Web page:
The fellowship program pairs Maine’s best and brightest students with startup or innovative companies during the summer.

ORONO, Maine — As most colleges enter the middle of the spring semester, many students will soon begin the process of applying for summer internships or jobs.

While New York City and Boston have the reputation for being the ideal landing spot for those positions, a lot of opportunities are closer than you may think.

“Innovate For Maine pairs Maine’s brightest and best college students with Maine’s most up and coming innovative companies,” Program Coordinator Emma Wilson said.

Before Wilson helped run the program, and before she was a student intern, she too had concerns about finding good opportunities in Maine.

“And after going through Innovate for Maine, I realized that, that wasn’t the case,” Wilson said.

Applications are now open for this year’s program which runs out of the University of Maine at Orono. The early application deadline is February 26 and the regular application deadline is March 12.

While some programs have GPA or major requirements, this opportunity is open to all Maine students. To apply, you must be a college student, undergrad, or graduate, at a Maine college or university, or be from Maine attending a college or university.

Wilson mentioned business students do apply in decent numbers, but the program has partner companies from more than 15 industries around the state from breweries, to aquaculture businesses, to social networks.

Another benefit for companies partnering with the program is UMaine handles all the matchmaking and application process.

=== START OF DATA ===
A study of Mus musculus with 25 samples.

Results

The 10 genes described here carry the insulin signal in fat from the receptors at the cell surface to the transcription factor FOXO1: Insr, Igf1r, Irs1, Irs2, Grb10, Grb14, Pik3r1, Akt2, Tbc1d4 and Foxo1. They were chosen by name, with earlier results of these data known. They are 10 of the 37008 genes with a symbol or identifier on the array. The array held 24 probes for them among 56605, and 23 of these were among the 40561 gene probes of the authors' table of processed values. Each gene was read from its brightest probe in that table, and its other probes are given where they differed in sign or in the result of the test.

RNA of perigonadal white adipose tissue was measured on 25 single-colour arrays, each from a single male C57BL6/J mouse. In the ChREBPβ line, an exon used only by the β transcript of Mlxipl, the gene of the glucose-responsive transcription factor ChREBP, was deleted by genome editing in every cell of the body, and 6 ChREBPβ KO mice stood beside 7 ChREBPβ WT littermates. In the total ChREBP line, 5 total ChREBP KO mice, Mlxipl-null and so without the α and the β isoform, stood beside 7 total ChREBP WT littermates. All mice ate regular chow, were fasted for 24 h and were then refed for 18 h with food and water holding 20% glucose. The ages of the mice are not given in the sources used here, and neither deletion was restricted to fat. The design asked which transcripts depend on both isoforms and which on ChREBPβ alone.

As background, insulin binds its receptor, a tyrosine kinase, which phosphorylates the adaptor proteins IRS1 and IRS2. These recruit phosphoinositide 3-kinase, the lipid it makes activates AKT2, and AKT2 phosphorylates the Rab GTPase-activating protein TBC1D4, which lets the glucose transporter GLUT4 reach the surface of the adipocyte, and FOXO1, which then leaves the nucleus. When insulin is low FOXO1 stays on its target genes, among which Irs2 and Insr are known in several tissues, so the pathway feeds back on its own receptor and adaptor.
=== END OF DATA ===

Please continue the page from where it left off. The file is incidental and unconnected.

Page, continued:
Whether you are applying as a student fellow or a host company, you must complete an online application. The application process opens on Jan. 27, 2021. The early application deadline for 2021 is Feb. 26, the regular application deadline is March 12. These deadlines are the same for both students and companies.

Patrick Breeding went through the program twice as a graduate student. The bio-medical engineering major interned for companies where he was able to apply his hard science knowledge with new business development skills.

“There is no particular type of industry that is inappropriate for this,” Breeding said about the program.

In his time with Innovate for Maine, Breeding worked as an intern and worked with a company that had an intern from the program, so he was able to see both sides of the process.

“These are the people doing outside of class, getting involved, starting their own things, they want to become successful,” he added.

Credit: NCM

Now, Breeding, a Connecticut native, is working to change his phone number to a 207-area code because he isn’t going anywhere.

His skincare startup Marin Skincare is growing at a fast rate. Breeding attributed the success he had to the networking opportunities and skills he learned in his time at Innovate For Maine.

“It’s fairly easy to get things off the ground in Maine because there’s so much support,” he said.

Some of that support will look different this year. Wilson said program officials are monitoring public health guidelines to determine which in-person events can be held if any.

Some of the larger in-person events would include an intern Boot Camp, company pitch-off events, and networking seminars.